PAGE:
Pakistan and credibility

THE United States Congress faces an increasingly tough dilemma in deciding whether or not to renew a substantial six-year package of military and economic aid to Pakistan. Creative solutions are required. Although a staunch US ally in the Afghanistan war, Pakistan has been sending out what Congress sees as mixed signals regarding its nuclear capability and intentions. Washington rightly wants a more convincing assurance from Pakistan that it is not producing nuclear weapons.

US law bars aid to any country acquiring equipment to produce uranium in a form that could be used in a bomb, unless the country submits its facilities to international inspection. An exception has been made for Pakistan over the last five years; the White House has had to certify that it had ``reliable assurances'' from Islamabad that nuclear weapons would not be acquired or developed.

Pakistan's waiver expires Sept. 30. Congress has new - and legitimate - qualms about renewing it.

The arrest last month in Philadelphia of a Pakistani-born Canadian on charges of trying to illegally export to Pakistan a special steel alloy used in making nuclear weapons has added to the suspicion. Similar instances have preceded it.

Despite the urging of US Undersecretary of State Michael Armacost in a two-day visit to Islamabad this week, Pakistan's foreign minister has rebuffed demands to allow international inspection of his nation's nuclear facilities.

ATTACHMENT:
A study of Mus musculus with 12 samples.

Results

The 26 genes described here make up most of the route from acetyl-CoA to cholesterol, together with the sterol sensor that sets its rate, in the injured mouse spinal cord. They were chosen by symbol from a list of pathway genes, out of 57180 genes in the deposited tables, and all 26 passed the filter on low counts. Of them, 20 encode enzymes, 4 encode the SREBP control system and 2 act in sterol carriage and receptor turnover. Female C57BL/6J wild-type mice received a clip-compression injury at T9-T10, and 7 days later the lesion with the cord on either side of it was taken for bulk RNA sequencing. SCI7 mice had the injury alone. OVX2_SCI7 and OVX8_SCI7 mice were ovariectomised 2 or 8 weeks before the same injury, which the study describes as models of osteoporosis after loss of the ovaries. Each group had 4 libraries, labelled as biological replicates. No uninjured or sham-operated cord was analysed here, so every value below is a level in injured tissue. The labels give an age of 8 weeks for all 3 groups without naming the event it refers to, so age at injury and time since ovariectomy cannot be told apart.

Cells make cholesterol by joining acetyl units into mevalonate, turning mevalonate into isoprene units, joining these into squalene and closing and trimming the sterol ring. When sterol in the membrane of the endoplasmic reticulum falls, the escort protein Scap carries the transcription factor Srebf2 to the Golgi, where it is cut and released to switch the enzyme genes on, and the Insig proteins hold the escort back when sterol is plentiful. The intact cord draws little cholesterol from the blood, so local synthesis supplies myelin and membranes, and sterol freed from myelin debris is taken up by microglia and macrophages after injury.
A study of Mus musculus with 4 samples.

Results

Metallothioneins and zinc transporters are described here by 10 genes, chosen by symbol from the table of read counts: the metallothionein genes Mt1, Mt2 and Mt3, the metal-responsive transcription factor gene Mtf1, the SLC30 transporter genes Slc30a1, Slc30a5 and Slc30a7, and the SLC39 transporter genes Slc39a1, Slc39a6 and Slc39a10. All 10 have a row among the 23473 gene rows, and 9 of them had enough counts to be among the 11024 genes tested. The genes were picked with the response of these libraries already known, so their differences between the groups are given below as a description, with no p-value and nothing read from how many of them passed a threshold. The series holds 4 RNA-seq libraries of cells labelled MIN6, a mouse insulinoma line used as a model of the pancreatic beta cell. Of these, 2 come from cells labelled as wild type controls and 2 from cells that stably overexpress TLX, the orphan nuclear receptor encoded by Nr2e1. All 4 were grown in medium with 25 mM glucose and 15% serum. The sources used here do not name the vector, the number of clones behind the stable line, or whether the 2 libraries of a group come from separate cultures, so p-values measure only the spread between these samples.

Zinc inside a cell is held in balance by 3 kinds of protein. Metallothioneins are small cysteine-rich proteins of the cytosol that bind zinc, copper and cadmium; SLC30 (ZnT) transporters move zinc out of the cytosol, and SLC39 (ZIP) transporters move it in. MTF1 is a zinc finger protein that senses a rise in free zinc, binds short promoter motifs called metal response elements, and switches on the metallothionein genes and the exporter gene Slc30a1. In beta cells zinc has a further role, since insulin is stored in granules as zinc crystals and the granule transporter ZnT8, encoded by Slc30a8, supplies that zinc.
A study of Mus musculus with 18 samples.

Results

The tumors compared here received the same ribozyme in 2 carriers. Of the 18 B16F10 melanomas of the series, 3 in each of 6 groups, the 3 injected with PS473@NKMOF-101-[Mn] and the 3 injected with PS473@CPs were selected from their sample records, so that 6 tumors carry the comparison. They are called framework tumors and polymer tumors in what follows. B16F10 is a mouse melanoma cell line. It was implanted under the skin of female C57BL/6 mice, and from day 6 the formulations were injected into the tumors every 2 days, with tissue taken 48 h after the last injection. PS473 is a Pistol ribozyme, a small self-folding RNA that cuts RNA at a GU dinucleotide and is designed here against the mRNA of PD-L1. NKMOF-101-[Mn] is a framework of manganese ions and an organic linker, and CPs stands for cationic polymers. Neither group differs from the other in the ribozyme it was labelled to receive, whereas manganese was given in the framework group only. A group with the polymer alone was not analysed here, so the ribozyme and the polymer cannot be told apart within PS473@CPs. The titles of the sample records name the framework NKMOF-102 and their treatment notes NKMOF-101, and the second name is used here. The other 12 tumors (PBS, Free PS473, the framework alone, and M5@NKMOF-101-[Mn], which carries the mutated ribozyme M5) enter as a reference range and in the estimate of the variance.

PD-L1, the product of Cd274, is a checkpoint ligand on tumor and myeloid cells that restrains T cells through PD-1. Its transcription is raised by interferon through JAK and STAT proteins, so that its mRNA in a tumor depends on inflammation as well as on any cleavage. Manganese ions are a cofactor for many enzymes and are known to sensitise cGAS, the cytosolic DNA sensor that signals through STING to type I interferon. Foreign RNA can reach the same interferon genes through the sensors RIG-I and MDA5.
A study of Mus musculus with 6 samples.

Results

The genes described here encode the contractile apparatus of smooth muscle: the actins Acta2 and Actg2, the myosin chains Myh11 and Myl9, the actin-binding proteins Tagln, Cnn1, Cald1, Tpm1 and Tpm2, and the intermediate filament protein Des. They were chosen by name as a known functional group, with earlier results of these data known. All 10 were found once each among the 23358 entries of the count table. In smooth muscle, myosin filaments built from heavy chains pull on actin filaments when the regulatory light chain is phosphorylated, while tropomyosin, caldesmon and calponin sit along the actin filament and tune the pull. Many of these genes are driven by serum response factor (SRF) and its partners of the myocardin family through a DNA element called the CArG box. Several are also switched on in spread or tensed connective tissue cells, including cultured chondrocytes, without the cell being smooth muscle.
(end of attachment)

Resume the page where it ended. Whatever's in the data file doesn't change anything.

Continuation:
Pakistan has long insisted that its nuclear program is strictly peaceful. It denies any involvement in the export plot and has issued a warrant for the arrest of the Lahore businessman who reportedly masterminded it.

But US intelligence reports indicate that Pakistan has a well-organized system for getting weapons production material and that some Pakistani uranium has been enriched above the 90 percent level required for the bomb. Several members of Congress insist they feel betrayed by Pakistan and think sending more aid would make a mockery of Washington's clear nonproliferation policy.

Yet an abrupt cutoff of aid could spur the very result Washington hopes to prevent: a more open and intense regional arms race in the subcontinent. India detonated a bomb in 1974 but insists its nuclear operations since then have been peaceful. Pakistan as yet has tested no bomb; it if does, Congress would face a clear instance of a ``smoking gun.''

By tying renewal of aid to certain safeguards, Congress could stand by its nuclear principles and still maintain some leverage with the Pakistanis. If Pakistan is serious about its protestations, it should allow a one-time international inspection or intelligence monitoring of its secret facility at Kahuta. Pakistan should issue clear new rules for procurement activities and make a stronger effort to crack down on private supply networks of nuclear components in Europe and the US. For its part the US should show clearly what parts of its own varied nuclear technology it is most determined to protect. The US should continue to urge both India and Pakistan to sign the 1968 Nuclear Non-Proliferation Treaty.

Pakistan clearly needs to work harder with the US Congress to rebuild its nuclear credibility. If it wants US aid, it must be more candid about the direction and content of its program.